IT professionals should take advantage of gaining employment in the cybersecurity sector, as job vacancies in this segment are estimated to reach around 3.5 million in the next two years.
Many employers from the private and public sector are willing to pay a premium for the right candidates because of the shortage of skilled talents. In the U.S., there are roughly more than a million positions that wait to be filled, according to Will Carter from the Center for Strategic and International Studies. If you are in between jobs or simply want to switch careers, having the right qualifications will be important to join the field.
Gain Industry Certification
Almost anyone with the right attitude could start a career in cybersecurity, although IT professionals have the advantage in terms of education and experience. Certification bolsters your credentials since some employers are very specific on what they expect from successful candidates. Some of the common industry certificates include the CompTIA Security+, in which a practice test or training exercise can help you ace the exam.
Aside from certification, ask your employer if they offer apprenticeship programs for aspiring cybersecurity workers. Companies are willing to groom existing personnel to fill the gap, which can be less expensive than directly hiring new staff. Even if you decide not to pursue a career in cybersecurity, being certified makes you more attractive to a wide network of employers and may even help in negotiating a higher compensation.
While the shortage of workers means that you have the upper hand in salary negotiations, your actual pay will depend on where you live and your job title. Cybersecurity engineers are likely to earn more than cybersecurity analysts. Hence, picking a specific field will determine your compensation.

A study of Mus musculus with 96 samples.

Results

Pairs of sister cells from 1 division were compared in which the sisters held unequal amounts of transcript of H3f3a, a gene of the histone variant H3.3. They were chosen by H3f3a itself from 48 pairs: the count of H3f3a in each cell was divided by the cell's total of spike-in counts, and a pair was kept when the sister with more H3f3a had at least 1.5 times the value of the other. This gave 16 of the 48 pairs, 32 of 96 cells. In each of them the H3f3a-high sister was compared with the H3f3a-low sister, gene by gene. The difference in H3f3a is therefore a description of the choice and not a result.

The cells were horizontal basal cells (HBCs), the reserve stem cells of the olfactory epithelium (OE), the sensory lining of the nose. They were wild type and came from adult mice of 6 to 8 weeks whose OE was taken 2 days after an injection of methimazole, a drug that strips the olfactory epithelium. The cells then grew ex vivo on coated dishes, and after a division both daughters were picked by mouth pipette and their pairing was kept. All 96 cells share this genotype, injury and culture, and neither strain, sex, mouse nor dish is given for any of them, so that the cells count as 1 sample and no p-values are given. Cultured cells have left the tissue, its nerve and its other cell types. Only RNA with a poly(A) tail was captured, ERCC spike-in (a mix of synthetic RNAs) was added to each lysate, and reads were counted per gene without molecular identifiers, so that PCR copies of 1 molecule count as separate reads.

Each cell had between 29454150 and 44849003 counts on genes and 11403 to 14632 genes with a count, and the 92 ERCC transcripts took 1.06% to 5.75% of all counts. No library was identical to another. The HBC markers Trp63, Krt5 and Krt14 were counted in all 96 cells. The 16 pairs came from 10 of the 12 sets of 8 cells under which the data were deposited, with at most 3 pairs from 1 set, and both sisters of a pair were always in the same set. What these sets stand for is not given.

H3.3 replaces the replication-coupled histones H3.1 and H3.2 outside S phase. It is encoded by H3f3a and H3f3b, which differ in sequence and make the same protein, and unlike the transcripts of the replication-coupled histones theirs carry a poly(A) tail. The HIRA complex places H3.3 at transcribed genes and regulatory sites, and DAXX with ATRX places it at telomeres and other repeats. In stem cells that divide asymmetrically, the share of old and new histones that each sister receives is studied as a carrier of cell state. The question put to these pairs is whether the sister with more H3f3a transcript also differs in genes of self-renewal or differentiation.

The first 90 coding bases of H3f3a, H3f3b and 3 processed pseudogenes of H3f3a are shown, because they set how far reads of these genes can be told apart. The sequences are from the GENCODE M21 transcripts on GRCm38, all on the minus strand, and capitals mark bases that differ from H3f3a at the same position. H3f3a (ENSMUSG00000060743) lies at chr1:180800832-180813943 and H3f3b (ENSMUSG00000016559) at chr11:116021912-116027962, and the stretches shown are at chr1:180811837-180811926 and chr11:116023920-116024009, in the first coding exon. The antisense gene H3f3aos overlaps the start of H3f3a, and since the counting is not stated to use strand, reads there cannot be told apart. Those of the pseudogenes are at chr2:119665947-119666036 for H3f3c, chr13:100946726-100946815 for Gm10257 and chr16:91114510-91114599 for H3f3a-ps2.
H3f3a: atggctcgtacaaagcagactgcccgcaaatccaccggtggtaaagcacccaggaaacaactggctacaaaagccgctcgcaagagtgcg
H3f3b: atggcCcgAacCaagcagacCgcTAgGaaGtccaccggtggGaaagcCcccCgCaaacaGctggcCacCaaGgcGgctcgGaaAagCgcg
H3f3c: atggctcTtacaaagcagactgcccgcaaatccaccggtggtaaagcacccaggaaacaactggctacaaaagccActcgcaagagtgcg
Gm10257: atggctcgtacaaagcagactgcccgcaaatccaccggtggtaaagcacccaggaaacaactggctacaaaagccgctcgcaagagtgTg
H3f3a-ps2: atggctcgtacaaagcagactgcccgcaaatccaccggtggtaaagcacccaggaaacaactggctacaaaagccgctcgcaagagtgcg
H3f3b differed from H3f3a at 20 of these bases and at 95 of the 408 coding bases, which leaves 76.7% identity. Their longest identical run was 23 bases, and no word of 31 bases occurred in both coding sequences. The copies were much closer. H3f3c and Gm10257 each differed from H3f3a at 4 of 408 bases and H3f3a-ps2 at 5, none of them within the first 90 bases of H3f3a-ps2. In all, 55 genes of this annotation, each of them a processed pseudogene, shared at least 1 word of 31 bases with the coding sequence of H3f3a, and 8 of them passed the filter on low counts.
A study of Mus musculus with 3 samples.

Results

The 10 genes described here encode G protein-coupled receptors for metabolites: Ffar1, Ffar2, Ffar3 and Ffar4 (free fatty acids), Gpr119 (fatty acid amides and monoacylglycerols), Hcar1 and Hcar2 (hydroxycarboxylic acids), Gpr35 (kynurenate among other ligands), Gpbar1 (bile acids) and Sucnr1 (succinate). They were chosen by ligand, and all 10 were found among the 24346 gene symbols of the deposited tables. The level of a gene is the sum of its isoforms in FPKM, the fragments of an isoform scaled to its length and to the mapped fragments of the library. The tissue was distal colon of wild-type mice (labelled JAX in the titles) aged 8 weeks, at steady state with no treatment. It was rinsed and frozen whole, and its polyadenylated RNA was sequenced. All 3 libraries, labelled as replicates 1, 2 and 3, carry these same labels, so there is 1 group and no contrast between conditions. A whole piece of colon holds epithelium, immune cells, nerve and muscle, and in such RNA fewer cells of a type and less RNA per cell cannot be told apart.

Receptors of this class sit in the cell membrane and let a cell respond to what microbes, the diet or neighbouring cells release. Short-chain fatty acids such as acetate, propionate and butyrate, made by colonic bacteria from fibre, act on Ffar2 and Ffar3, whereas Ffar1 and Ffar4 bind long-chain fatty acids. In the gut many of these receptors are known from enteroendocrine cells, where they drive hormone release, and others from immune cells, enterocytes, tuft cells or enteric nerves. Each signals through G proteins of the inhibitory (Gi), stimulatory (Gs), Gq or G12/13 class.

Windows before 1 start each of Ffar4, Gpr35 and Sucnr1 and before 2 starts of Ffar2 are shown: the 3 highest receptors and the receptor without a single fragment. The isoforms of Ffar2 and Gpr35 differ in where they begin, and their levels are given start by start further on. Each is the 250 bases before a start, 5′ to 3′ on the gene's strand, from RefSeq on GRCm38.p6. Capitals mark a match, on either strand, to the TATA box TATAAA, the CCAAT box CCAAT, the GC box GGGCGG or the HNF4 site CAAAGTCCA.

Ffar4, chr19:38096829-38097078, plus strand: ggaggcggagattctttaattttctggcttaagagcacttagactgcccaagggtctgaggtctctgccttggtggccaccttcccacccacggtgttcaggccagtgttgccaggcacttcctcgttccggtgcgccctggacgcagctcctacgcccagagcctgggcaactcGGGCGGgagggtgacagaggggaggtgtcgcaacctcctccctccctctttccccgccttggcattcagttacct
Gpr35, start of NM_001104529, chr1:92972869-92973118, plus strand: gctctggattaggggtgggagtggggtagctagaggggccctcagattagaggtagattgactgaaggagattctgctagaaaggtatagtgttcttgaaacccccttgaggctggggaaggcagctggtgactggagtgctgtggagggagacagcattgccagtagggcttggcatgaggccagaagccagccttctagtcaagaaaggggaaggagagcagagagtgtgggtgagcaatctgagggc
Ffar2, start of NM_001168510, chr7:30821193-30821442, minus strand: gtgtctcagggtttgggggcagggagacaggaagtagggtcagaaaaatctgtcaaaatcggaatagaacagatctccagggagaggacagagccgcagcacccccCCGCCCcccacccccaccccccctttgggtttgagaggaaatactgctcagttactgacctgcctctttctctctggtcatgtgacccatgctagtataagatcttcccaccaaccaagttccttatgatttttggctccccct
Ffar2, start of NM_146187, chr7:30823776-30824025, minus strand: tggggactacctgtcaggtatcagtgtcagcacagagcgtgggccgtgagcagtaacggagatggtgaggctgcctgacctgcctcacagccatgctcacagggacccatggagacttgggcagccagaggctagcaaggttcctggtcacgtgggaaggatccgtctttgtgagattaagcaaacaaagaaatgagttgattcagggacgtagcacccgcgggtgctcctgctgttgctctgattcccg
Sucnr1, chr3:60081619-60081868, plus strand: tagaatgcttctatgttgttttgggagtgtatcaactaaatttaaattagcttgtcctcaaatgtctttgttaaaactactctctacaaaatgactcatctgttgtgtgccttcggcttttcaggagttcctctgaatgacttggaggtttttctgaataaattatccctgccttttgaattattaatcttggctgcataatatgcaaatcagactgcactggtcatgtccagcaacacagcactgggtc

Silicon Valley remains one of the best places for IT professionals. A cybersecurity engineer could earn an annual salary of more than $120,000 there, while those in New York and Washington, D.C., may earn over $110,000 per year.
Why Demand Is Strong
Some experts said that organized crime today has become more complex as it shifted to the digital world, which led to the rise of several risks to confidential and sensitive information. Ransomware, espionage and disruption of critical infrastructure are some of these threats that undermine national security.
Another reason for the lack of qualified workers involves cybersecurity’s intimidating nature. Some people think that they need to be experts with computer technologies. In reality, some employers are looking to hire people who possess more than having certification and experience. You only need to be fond of solving problems, be willing to collaborate with others and be smart enough to understand how effective cybersecurity should take place.
Certification is important to get your foot in the door. When choosing a niche in cybersecurity, those who are tasked in preventing cyberattacks and other criminal activities are among the most in-demand professionals. As hackers become more creative, employers in different industries want their systems and manpower to be updated at the same time.